The fate of the old Whirokino Bridge over the Manawatū River is in limbo as transport bosses consider whether to continue with demolition plans.
Initially the bridge was to have been "deconstructed" now that a new adjacent bridge had opened, although those demolition plans were now on hold.
Waka Kotahi director of regional relationships Emma Speight said it was currently reviewing its position on retention of the old Manawatū River Bridge.
"We have paused the planned deconstruction of the bridge and are looking into the possibility of a consent variation to retain the bridge, however no final decisions have been made," she said.
"There are still a number of complex issues to work through before we are able to make a decision on whether to proceed with the deconstruction as planned or to retain the bridge."
Speight said the initial decision to deconstruct the bridge had been made following discussions with the public and stakeholders, including local authorities and iwi.
"Waka Kotahi considered current and future usage, the bridge's structural integrity, immediate upgrade costs, consent conditions, future maintenance costs, and future ownership," she said.
"We are continuing to engage with councils, iwi and other affected groups while we work through the process of reviewing our decision and will provide an update to the community as soon as we can."
But Manawatū Power Boat Club commodore Bayden Sprozen said their club wants to see the old bridge gone as it was jeopardising major events.
"It's a big problem," he said.
Sprozen said the club's annual Gold Cup Regatta held every March and April was "the largest and most prestigious" of its kind in the southern hemisphere and in the past had attracted boats from USA, Canada and Australia.
The old Whirokino bridge had three six metre diameter concrete supports that were buried deep beneath the river bed, while the new bridge had the same amount of concrete poles.
The problem was that while the river at that point was "about 95m wide", neither of the bridge's poles aligned, creating a situation where boats racing at speed were now confronted with twice as many obstacles.
It had doubled the risk.
"It's eaten up water space ... boats have hit them in the past," he said.
The two-day Gold Cup Regatta was an open event that attracted formula one, supercharged, super charge V8 class, and any form of race boat that was eligible tunnel and drag boats, with some reaching speeds of 230km/h.
Sprozen admitted the club was coming from a point of view of self-interest, but said the potential for staging significant events on the stretch of river was huge.
This year was the 50th anniversary of the Gold Cup Regatta and the club had also been given the go-ahead to stage another major event involving speed skiing.
The endurance ski race had the potential to bring hundreds of thousands of dollars to the local economy, but it was doubtful it would go ahead as planned while the old bridge remained, he said.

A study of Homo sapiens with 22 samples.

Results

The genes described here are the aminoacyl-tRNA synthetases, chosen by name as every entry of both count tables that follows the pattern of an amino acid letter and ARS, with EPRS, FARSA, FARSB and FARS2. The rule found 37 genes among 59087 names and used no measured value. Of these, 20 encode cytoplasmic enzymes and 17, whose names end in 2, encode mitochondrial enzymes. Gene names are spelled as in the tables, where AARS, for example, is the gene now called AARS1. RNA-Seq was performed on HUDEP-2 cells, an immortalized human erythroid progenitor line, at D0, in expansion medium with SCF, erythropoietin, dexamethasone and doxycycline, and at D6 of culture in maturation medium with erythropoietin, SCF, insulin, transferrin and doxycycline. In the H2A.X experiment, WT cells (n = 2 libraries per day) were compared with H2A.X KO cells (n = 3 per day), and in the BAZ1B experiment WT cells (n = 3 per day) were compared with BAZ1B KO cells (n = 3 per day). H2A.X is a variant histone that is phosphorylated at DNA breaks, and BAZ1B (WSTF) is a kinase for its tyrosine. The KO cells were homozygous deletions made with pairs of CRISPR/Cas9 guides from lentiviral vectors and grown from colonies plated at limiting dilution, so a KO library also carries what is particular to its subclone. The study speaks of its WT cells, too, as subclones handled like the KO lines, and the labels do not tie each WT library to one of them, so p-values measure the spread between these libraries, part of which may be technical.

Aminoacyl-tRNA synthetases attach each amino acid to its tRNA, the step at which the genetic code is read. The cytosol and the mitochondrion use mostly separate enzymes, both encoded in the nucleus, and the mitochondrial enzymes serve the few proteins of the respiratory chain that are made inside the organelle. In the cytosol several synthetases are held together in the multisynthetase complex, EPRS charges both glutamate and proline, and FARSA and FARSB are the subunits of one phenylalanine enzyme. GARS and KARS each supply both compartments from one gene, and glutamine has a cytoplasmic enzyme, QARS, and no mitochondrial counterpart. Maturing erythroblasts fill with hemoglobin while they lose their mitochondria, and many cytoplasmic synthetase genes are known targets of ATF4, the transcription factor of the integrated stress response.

Sprozen said skiers would come from near and far to team up with boats. He said it was realistic to expect 100 boats to enter, each bringing support crews.
"It will be an amazing spectacle. The river has such beautiful turns in it. It's an undiscovered New Zealand maritime gem," he said.
The planned 25km course would run from the Foxton end of the Manawatū River upstream to Shannon, with boats towing two skiers expected to reach speeds of 160km/h.
"To be frank, we just can't do it with two bridges. It's just too dangerous ... you run out of room real fast," he said.
"We are going to have to modify it and think about how this race is going to be run.
"But I'm not prepared to hang my hat on it until the old bridge is gone."
Sprozen said retaining the old bridge had financial implications for the club. Initial consultation had led him to believe the old bridge was coming down as soon as the new one was operating, and the club had planned events accordingly.
He said there was a 1km straight stretch of river certified for speed records and there were no other options up or downstream. It wasn't a question of being able to shorten the course, either, as boats needed space to speed up and slow down.
"It's the longest stretch of river we can use for the course," he said.
Meanwhile, as a long time user of the river, Sprozen said it had noticed a marked increase in water quality in recent years, which he believed was a credit work being done by regional council Horizons.
"You can see flounder on the bottom now," he said.
Meanwhile, Horizons regional councillor Sam Ferguson is one of a number of recreational cyclists pushing for the retention of the old bridge, citing limited room on the new bridge as being extremely dangerous for cyclists.
Demolishing the old bridge would also take away the only alternate route across the river, he said.